How to Help Retain New Employees

retain new employees
If your company is experiencing high turnover rate, there may be a simple solution. Starting a new job can be intimidating, and even if the employee is excited and it seems as if they will fit in well with the culture, it can be overwhelming. A few simple actions can help you raise your retention rates for new employees.

Uncover their goals

A great way to start off on a good foot with new employees is to sit down with them and talk about their goals. If you help support and enable them to reach their goals, they will be motivated to put in the best possible effort at your organization. This also shows workers your organization cares about their personal and professional aspirations. If you continue to check in with employees on where their goals stand, it will build trust and a meaningful relationship with them.


Checking in on employees regularly can be one of the easiest ways to improve retention. Have you ever had a rough day when suddenly someone asks you how you’re doing? It feels great to know people care and that you are able to voice your opinions. If a new employee is experiencing issues, they may not know when to bring them up unless they are presented an opportunity. A manager or HR representative should set up one-on-one meetings often to check in on new employees. These meetings should continue through at least the first 90 days of employment. Preferably, they will continue indefinitely!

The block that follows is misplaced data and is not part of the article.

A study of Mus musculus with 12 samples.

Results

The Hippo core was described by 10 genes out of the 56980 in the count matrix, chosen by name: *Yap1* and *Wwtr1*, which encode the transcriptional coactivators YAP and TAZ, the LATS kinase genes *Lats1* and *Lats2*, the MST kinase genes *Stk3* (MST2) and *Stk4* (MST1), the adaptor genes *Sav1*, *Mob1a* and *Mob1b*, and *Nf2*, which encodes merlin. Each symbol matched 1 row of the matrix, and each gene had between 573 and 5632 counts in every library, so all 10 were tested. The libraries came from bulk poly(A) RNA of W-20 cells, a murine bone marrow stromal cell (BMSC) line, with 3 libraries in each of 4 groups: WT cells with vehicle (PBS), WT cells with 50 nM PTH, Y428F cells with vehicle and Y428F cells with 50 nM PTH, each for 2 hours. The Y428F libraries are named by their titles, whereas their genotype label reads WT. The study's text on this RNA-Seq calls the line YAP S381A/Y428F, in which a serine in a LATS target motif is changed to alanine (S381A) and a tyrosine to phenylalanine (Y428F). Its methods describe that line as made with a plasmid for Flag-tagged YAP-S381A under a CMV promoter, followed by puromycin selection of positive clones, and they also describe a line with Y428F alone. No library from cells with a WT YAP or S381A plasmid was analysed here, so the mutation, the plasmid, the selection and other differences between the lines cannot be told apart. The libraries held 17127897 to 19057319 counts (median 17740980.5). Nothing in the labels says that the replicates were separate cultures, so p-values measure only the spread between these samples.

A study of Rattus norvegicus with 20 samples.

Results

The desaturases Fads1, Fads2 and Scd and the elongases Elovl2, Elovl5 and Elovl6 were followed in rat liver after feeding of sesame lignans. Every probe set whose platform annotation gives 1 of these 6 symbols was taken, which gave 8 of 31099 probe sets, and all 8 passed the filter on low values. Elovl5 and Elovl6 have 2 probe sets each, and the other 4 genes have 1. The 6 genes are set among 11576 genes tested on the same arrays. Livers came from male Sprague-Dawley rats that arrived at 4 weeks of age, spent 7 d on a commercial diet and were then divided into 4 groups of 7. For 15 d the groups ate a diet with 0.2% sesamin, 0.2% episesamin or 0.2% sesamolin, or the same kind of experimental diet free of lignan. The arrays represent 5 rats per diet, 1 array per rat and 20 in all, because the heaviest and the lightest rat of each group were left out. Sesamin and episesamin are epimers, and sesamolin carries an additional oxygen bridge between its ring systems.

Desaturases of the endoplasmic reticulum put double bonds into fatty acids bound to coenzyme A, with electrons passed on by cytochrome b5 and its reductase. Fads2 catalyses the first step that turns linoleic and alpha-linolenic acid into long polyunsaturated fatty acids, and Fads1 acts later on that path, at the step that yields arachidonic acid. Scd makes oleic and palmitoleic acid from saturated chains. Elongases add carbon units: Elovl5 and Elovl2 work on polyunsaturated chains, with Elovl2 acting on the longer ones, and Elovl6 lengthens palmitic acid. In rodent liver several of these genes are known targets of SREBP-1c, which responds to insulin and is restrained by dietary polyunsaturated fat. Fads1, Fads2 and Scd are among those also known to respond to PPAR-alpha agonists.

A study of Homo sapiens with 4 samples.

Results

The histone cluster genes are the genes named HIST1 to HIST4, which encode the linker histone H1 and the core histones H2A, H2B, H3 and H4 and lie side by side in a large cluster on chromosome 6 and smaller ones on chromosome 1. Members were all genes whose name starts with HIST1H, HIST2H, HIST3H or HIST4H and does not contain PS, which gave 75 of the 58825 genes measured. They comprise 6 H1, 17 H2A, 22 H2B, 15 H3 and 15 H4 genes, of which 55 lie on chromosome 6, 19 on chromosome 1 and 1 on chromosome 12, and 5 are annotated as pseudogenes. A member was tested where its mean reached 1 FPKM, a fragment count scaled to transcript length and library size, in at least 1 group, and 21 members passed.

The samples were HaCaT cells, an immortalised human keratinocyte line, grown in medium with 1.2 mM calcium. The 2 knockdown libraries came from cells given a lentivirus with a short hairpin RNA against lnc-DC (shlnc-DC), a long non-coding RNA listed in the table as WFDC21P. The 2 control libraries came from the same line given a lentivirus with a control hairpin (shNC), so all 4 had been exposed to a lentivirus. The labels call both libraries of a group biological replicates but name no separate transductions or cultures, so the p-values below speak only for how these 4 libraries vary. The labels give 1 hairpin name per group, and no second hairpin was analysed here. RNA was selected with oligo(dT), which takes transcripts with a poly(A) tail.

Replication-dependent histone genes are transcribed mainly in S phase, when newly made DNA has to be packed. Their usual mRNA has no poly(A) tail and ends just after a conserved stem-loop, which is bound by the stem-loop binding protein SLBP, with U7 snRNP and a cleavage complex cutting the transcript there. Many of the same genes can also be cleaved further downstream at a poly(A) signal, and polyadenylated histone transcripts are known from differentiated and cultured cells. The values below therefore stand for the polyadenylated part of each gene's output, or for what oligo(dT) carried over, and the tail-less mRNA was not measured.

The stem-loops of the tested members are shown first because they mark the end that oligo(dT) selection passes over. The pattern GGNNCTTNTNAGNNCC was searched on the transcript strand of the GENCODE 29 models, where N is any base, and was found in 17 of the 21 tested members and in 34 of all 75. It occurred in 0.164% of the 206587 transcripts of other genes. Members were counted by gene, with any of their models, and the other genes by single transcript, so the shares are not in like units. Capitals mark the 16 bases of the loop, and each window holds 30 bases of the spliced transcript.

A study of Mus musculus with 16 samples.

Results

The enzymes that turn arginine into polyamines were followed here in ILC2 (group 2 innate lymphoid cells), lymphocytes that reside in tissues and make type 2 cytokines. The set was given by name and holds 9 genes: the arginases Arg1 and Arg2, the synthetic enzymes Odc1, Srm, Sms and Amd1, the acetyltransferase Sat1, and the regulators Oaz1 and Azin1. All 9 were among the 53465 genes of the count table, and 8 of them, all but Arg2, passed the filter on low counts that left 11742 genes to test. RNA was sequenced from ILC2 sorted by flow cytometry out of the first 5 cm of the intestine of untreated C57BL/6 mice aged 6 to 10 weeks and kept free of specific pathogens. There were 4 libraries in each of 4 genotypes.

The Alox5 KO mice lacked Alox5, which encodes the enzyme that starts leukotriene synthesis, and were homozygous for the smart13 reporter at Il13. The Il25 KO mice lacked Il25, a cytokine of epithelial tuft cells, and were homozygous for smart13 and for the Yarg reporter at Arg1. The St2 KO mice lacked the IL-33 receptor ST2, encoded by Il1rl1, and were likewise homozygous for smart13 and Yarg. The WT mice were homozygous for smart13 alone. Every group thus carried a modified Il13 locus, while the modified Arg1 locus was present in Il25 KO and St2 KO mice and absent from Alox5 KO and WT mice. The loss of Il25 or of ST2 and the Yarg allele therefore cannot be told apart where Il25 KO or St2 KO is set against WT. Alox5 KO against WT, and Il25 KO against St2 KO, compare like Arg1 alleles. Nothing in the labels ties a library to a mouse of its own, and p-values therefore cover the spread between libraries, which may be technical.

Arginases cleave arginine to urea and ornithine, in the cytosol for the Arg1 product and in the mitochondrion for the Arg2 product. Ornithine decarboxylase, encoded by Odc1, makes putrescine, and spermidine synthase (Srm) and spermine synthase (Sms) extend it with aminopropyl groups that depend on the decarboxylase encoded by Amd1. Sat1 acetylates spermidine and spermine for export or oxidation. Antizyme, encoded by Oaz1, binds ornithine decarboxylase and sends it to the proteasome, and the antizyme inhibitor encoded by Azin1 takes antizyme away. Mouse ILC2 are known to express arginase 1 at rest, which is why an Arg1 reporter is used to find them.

retain new employees

Integrate them into the culture

Even if an employee was deemed a great culture fit during the interview process, it doesn’t mean guidance isn’t needed when it comes to fitting into the new culture. A new workplace culture can be confusing to navigate. Different committees, teams and activities are all run by different people. Even if a new employee wants to get involved and spend more time with their coworkers, how to do so may not be so cut and dry.

Managers or HR specialists should take time to help new employees navigate the different ways that employees can get involved at work. Personally delivering information about culture-related activities will raise the chances of new employee getting involved. For example, if your company is hosting a potluck or some employees are heading to a happy hour, personally invite the new employee. A personal invitation is always appreciated whether the employee chooses to attend or not. An involved, culture-loving employee is bound to stay longer than an employee that feels lost in their workplace culture!

A few simple steps can be the difference between long-lasting employees and employees that don’t feel welcome in their new workplace!

If your company is having trouble finding and retaining employees, contact Capstone Search Advisors to learn more about options for hiring qualified talent.